In this Insight, Dr. Tamir Klein of Weizmann Institute of Science, Israel, talks about this latest paper Stomatal sensitivity to CO2 diverges between angiosperm and gymnosperm tree species.
Not all trees are equal
Most trees on Earth are either broadleaf or conifers. Why did they evolve this way? We think that leaves and needles represent two contrasting solutions to a single challenge: How to maximize photosynthesis, while minimizing water loss. In our recent study, we found that these differences could have far-reaching consequences in a high-CO2 world.
From one CO2 experiment to the next, I started getting the feeling that broadleaf and conifer trees do not respond to the increase in CO2 level the same way. Back in 2007, I was working in a biotech company in Canada, growing pine seedlings for plantations. I saw little growth response of these seedlings when exposed to elevated CO2. In 2013, I joined Christian Koerner’s lab as a postdoc in Basel, Switzerland, where I led the free-air CO2 enrichment experiment on mature spruce trees in the forest. Again, we could not find any significant physiological response. This result was different from the observations of reduced stomatal conductance (a parameter of leaf gas exchange) in broadleaf tree species exposed to the same CO2 level at the same site. In 2016, I was back in Israel leading my own team. Exposing lemon trees to elevated CO2 levels, we saw a decrease in stomatal conductance.
By 2017, I already had a strong gut feeling that conifers are overall much less sensitive to CO2 level than broadleaf trees. Yet, my personal experience was insufficient to make this point. Uria Ramon, an undergraduate student who joined my team, agreed to take on the laborious mission of scanning through dozens of research papers, and elucidating the relevant data from experiments with other species. With almost 60 species at hand, we confirmed the hypothesis: Broadleaf trees tend to close stomata at elevated CO2, while conifers keep ‘business as usual’. How can we explain this difference? In the paper, we test several hypotheses, from morphological to evolutionary considerations.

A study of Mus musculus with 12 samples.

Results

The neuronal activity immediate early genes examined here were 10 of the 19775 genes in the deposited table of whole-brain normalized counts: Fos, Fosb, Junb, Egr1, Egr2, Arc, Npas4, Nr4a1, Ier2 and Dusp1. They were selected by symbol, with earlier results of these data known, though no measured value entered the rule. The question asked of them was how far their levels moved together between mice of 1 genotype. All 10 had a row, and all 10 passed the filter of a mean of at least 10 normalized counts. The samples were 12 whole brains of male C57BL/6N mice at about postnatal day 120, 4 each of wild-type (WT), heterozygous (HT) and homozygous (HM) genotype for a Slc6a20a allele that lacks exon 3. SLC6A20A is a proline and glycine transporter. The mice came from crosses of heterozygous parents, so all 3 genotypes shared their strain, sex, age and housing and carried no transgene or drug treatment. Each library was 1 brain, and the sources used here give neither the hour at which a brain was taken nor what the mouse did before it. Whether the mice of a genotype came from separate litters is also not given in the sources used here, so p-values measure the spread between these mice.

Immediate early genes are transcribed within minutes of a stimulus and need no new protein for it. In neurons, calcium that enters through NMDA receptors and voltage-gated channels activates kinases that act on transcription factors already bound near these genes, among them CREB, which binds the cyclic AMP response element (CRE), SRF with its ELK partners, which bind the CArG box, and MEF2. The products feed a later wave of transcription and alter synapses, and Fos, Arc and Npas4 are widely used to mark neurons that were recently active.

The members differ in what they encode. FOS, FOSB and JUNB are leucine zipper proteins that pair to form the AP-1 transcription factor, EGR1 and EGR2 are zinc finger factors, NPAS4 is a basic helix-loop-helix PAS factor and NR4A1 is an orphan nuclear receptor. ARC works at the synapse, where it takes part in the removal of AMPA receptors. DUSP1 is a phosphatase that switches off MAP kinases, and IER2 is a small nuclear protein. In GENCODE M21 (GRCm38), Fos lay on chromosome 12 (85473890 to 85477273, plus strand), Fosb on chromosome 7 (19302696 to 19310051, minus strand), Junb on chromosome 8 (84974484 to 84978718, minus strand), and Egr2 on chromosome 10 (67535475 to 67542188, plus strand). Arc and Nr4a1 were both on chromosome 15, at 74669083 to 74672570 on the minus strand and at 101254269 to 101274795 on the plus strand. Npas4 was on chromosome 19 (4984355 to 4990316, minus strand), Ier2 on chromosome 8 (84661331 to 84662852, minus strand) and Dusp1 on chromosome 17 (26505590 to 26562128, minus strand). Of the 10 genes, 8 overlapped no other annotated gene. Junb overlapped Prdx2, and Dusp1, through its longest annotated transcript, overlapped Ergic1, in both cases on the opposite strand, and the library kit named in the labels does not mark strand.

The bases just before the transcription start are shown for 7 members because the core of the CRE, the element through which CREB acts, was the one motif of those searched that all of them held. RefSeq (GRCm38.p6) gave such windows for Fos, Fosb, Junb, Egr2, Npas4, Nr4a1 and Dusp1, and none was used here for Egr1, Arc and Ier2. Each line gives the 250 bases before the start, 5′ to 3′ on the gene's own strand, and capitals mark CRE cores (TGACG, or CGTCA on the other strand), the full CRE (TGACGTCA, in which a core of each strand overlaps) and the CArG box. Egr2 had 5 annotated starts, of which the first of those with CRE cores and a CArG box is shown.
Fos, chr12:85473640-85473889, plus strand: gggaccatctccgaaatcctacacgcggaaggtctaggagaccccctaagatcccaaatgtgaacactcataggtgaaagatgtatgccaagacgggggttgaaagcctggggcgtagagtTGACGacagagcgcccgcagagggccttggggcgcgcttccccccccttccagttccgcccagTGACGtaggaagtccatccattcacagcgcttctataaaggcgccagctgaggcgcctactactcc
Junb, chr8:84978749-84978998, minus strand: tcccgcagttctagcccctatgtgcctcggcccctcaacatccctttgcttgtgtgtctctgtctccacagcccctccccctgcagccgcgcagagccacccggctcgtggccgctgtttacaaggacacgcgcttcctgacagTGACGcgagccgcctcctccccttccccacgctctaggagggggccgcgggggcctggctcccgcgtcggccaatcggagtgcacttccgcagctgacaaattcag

Consequences might grow with time
Considering the fundamental divergence between broadleaf and conifer trees, forests of each type can respond quite differently, as CO2 level continues to increase globally. Since stomata control the amount of water being evaporated from leaves, broadleaf forests, but not conifer forests, might use lower amounts of water in the future. In addition, considering the differences in the global distribution of broadleaf and conifer trees, tropical forests might save more water than temperate forests.
In addition to tree physiologists and forest ecologists, we hope that modelers of biosphere-atmosphere interactions read our paper and pick up its messages. Clearly, we cannot handle all forests the same way. We suspect that models that would account for the differences we reported will provide different, more realistic and accurate predictions of water and carbon cycling than those available today.
Still, there is a lot more to be done. We still need to test our hypotheses regarding the underlying causes for the divergence; we still lack important information on responses of tropical tree species; and we still need to verify that differences in stomatal responses translate into differences in tree water-use.
The wind in the willows
Ecology was a natural career choice for me. Growing up in a pine forest in Nazareth, Israel, my parents taught my sisters and me to appreciate, love, and learn from nature. In my spare time, I was reading Graham’s ‘The Wind in the Willows’ and Kipling’s ‘The Jungle Book’ over and over again, fascinated by nature’s harmony.
My lab at the Weizmann Institute of Science is everything I have ever dreamed of in terms of career. I currently lead a group of twenty enthusiastic students. Together, we study various aspects of carbon and water movements in and between trees. We take advantage of our country’s rich biodiversity to study trees in contrasting environments in the field, while running controlled experiments in the greenhouse. Sharing nature’s secrets with scientists, students, and children, is ever so gratifying.
For me, nature has always been a source of power, beauty, and inspiration. A city can be either pretty or ugly, but nature is always beautiful in its unique way. Take a crying baby out to the garden, and the rustle of leaves would calm it down immediately. So it happened with both my sons. My botanist wife shows me new, exciting, things almost every day. Flowers amaze us with scent and color. Darwin taught us that those, not for us were created.